This is an instruction sheet I gave to a new owner who sent me her pup, Molly, for training. These instructions are basic hints for how to have a successful first few days with a new pup.
Molly has been sleeping in the small crate all night and during the day when I have to leave. Every time she goes in the crate, she is given a stuffed kong. This contains her kibble that has been soaked in chicken fat (I am trying to get weight on her and get her coat in better condition so she is getting much extra fat right now) and put in the freezer. I keep a Kong in the freezer pretty much all the time. I also top it off with PB once in a while. For this, she will go right into the crate and stay quiet while in there.
There is one grassy area outside designated the “Potty Spot.” I encourage her using the words, “Go Potty” or “Hurry Up.” The other dogs go with her and this gives her the idea. She is very good about knowing what is expected because as soon as she goes, I let her back in the house. I do not play with her or engage her in any way. I just stand there and wait for her to do her business. When she does relieve herself, we go directly back into the house and then everybody gets a cookie. With a dog her age, this process is all business.
She will have to go when coming out of the crate, or when she is running and playing a lot. She ALWAYS poops at least twice every morning, so be aware that when you bring her in, you may have to take her right out again.
When you get her home, for the first 3 days, be prepared to treat her like a brand new puppy. This means if you cannot watch her every second, keep her crated with her Kong. Take her out to the same spot every time. Maintain the same ritual. Wait for her to potty, come back inside, get a treat. Coming back into the house signals to the dog that the job there is done, and that is the ONLY reason she is outside. It is also very rewarding to be back in your space and get praise and a cookie.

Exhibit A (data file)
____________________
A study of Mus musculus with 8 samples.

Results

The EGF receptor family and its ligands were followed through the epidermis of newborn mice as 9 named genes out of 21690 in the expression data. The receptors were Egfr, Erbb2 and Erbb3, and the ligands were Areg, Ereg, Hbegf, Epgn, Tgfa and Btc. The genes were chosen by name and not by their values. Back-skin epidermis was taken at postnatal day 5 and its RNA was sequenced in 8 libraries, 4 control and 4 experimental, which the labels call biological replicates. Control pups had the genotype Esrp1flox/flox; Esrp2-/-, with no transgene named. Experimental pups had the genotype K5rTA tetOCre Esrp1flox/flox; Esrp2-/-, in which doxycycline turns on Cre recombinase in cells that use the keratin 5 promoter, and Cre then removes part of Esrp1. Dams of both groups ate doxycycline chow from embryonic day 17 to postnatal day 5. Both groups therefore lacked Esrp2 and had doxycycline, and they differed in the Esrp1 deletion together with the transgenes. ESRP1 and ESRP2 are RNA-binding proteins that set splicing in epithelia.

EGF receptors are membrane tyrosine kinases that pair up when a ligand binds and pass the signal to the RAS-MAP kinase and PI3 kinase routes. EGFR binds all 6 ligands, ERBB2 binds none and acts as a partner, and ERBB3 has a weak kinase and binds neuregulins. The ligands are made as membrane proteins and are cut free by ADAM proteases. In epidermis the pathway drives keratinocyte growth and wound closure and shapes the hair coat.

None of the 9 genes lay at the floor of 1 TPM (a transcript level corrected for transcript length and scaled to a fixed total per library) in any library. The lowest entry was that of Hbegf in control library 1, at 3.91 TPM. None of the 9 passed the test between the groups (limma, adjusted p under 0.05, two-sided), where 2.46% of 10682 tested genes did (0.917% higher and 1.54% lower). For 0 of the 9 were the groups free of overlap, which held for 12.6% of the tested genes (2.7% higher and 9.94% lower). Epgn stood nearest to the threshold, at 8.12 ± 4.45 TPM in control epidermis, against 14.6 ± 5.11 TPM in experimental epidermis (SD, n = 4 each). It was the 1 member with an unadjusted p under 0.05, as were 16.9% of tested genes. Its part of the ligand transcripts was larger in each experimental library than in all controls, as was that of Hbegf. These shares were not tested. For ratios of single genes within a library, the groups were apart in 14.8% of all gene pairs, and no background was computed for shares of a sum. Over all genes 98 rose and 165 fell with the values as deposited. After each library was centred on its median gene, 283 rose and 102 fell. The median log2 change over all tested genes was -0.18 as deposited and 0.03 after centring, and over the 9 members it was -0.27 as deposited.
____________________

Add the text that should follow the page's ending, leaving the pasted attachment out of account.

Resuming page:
Do not expect her to “tell” you she has to go. She won’t know the routine there and will be utterly confused. It will be up to you to keep asking her. Say, “Do you want to go outside?” and walk her to the door. She will have to urinate about every half hour when she is running around. When she is crated, she can hold it for a long time. She goes all night without a peep, especially when her kong is in there.
After she has settled into your home routine, she will invent a way to communicate with you that she has to go. Here, she ran to the door once or twice. I always followed up on it, but it takes a while to get to that point. I like to get into a routine that is very comfortable, where no mistakes are made. The most important thing is for her to understand that her duty is to potty in the designated place outside. We put greater emphasis on this than on trying to catch her making mistakes indoors and correct them. She is given few opportunities to make mistakes.
I think you will find she will remember how it was here, and she will transfer to your “potty spot” pretty easily. In all fairness to her, let’s give her three days to make the adjustment, wherein you have to be the “potty police” and act as if she knows nothing.
To keep her comfortable, don't give her any water for two hours prior to bedtime, or any time she is expected to stay in the crate for long periods.
After this initial time frame, remember that a dog has to be four and a half months old before he/she has any real bladder control. Continue to take her outside every half hour, and be patient. Take advantage of the cognitive skills inherent in every dog, and talk to her and give her plenty of praise.
Remember that you will be spending the next twelve or fifteen years with this wonderful animal, and these early days pass quickly. If you invest a lot of time in the beginning, it will make the months and years to come so much easier, and you and your dog will have more time to enjoy each other.